I used to be a carnivore. If fact, I was raised on the idea that meat was the main course.
Growing up I was a meat lover
How could I not be? We had it every night for dinner. Just to paint a picture for you – one summer when I was about 7 years old we were on vacation with a group of friends and decided to go out to dinner.
When I ordered the “queen cut” prime rib off the adult menu one of the people with us said,”You are not going to let her order that are you?”
Her concern was that I was going to purchase an expensive dinner and waste it because there was no way I would eat it all. This was nothing new for me, I was no stranger to eating out or eating prime rib. When dinner came and my Dad started to cut my meat for me it was quickly noticed that I was eating it just as fast as he was cutting it.
Becoming vegetarian never crossed my mind
Throughout most of my life I thoroughly enjoyed meat and the thought of becoming a vegetarian never crossed my mind. It wasn’t until after my son was born that I started to pay closer attention to my body and how I felt after eating certain foods.
I noticed that after eating meat I often would feel like a rock sitting in my stomach.
It was also accompanied by bloating, gas and a sick feeling in general. So I decided to do an experiment and cut meat out from my diet.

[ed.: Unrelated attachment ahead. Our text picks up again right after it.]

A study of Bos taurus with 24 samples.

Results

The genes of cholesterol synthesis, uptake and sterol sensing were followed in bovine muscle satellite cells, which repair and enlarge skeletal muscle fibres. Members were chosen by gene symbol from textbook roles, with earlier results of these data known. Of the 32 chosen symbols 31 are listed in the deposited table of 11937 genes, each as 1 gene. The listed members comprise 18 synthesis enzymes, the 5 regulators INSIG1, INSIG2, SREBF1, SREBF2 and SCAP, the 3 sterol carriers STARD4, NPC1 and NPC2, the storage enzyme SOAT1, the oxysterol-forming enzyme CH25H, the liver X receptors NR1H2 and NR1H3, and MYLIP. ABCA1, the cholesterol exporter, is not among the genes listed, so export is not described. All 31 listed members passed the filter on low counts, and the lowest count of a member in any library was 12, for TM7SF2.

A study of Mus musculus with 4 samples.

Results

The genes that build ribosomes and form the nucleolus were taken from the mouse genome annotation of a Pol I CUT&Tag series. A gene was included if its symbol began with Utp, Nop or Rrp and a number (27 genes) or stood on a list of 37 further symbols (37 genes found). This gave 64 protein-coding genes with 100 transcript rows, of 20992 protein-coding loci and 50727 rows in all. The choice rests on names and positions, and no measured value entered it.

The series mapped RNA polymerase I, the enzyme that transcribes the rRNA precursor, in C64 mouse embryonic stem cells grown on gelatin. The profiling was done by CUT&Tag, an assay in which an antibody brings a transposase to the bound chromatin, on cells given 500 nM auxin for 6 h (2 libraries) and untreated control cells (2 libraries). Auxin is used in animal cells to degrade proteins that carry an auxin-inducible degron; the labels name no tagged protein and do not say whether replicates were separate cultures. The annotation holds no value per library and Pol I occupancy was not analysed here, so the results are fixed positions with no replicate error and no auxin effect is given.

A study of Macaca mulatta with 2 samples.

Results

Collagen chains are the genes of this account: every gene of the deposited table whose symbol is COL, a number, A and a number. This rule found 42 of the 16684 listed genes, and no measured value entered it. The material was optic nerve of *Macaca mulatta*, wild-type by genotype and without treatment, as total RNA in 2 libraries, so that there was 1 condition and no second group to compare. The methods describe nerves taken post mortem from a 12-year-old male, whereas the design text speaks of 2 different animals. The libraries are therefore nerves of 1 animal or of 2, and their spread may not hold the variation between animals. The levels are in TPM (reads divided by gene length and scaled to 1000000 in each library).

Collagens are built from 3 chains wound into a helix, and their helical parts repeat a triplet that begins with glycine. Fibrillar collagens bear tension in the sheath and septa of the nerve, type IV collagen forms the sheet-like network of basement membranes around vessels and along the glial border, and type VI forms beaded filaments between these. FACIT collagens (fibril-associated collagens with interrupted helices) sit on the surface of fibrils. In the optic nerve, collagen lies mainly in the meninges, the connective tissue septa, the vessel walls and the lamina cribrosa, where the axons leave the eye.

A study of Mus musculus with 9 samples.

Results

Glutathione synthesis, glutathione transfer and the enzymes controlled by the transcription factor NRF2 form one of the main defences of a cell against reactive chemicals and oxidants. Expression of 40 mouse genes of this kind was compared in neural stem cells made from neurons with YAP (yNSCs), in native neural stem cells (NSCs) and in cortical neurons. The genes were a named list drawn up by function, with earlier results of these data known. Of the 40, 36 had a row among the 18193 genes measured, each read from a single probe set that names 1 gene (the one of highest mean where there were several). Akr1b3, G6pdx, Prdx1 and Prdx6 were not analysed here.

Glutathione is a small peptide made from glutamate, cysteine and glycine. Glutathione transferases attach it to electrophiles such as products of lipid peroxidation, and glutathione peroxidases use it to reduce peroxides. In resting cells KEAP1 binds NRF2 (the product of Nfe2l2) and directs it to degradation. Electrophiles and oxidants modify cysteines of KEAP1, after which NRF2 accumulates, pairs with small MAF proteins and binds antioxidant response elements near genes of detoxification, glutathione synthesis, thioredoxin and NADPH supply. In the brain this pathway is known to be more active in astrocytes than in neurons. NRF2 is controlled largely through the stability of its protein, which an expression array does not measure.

My friends and family didn’t know what to think. It was totally out of character for me not to eat meat. I’m not going to pretend that the transition was easy; I definitely struggled to find things to make that were satisfying and healthy.
I found myself researching what to eat and different ways to be more creative in the kitchen. In addition, I also had to learn how to eat out and also how to be a guest at someones house.
Learning to adapt
After some research and creative thinking I became comfortable living as a vegetarian.
I would say the most unexpected thing that came along with becoming a vegetarian was the need to learn how to answer the questions about being a vegetarian. I’ve narrowed it down to a select few to share with you.
What DO you eat?
Sounds like a simple question but for people who have little knowledge on the subject it can make for a long conversation. In short, there are different types of vegetarianism.
I am what you call a Lacto-ovo vegetarian which means I do not eat meat, poultry, or fish, but DO eat eggs and dairy products. To learn all the different types of vegetarianism you can click here.
How do you get your protein?
So many are brainwashed thinking they have to eat meat to get protein. This is something that you have to do your own research on. Here is a list of a few foods I eat on a regular basis that contain protein.
• 1 avocado is 2.7 grams of protein
• 2 tablespoons of nut butter on average equal 5 grams of protein
• 1 cup of kale has 2.9 grams of protein
• 1/2 cup Tempeh has a 15 grams of protein
• Chia seeds 4 grams of protein per ounce
• 3 tablespoons of hemp seeds have 10 grams of protein (my favorite)
• 16 grams of protein per ounce of Spirulina.
• 8 grams of protein per cup of quinoa
• 7.3 grams of protein in 1/2 of chick peas
• 8.4 grams of protein per half cup of edamame
• 2 cups of raw spinach has 2.1 grams of protein
In Part 2 tomorrow, I will be looking at more commonly asked questions from non-vegetarians and tips to adapt to a vegetarian lifestyle.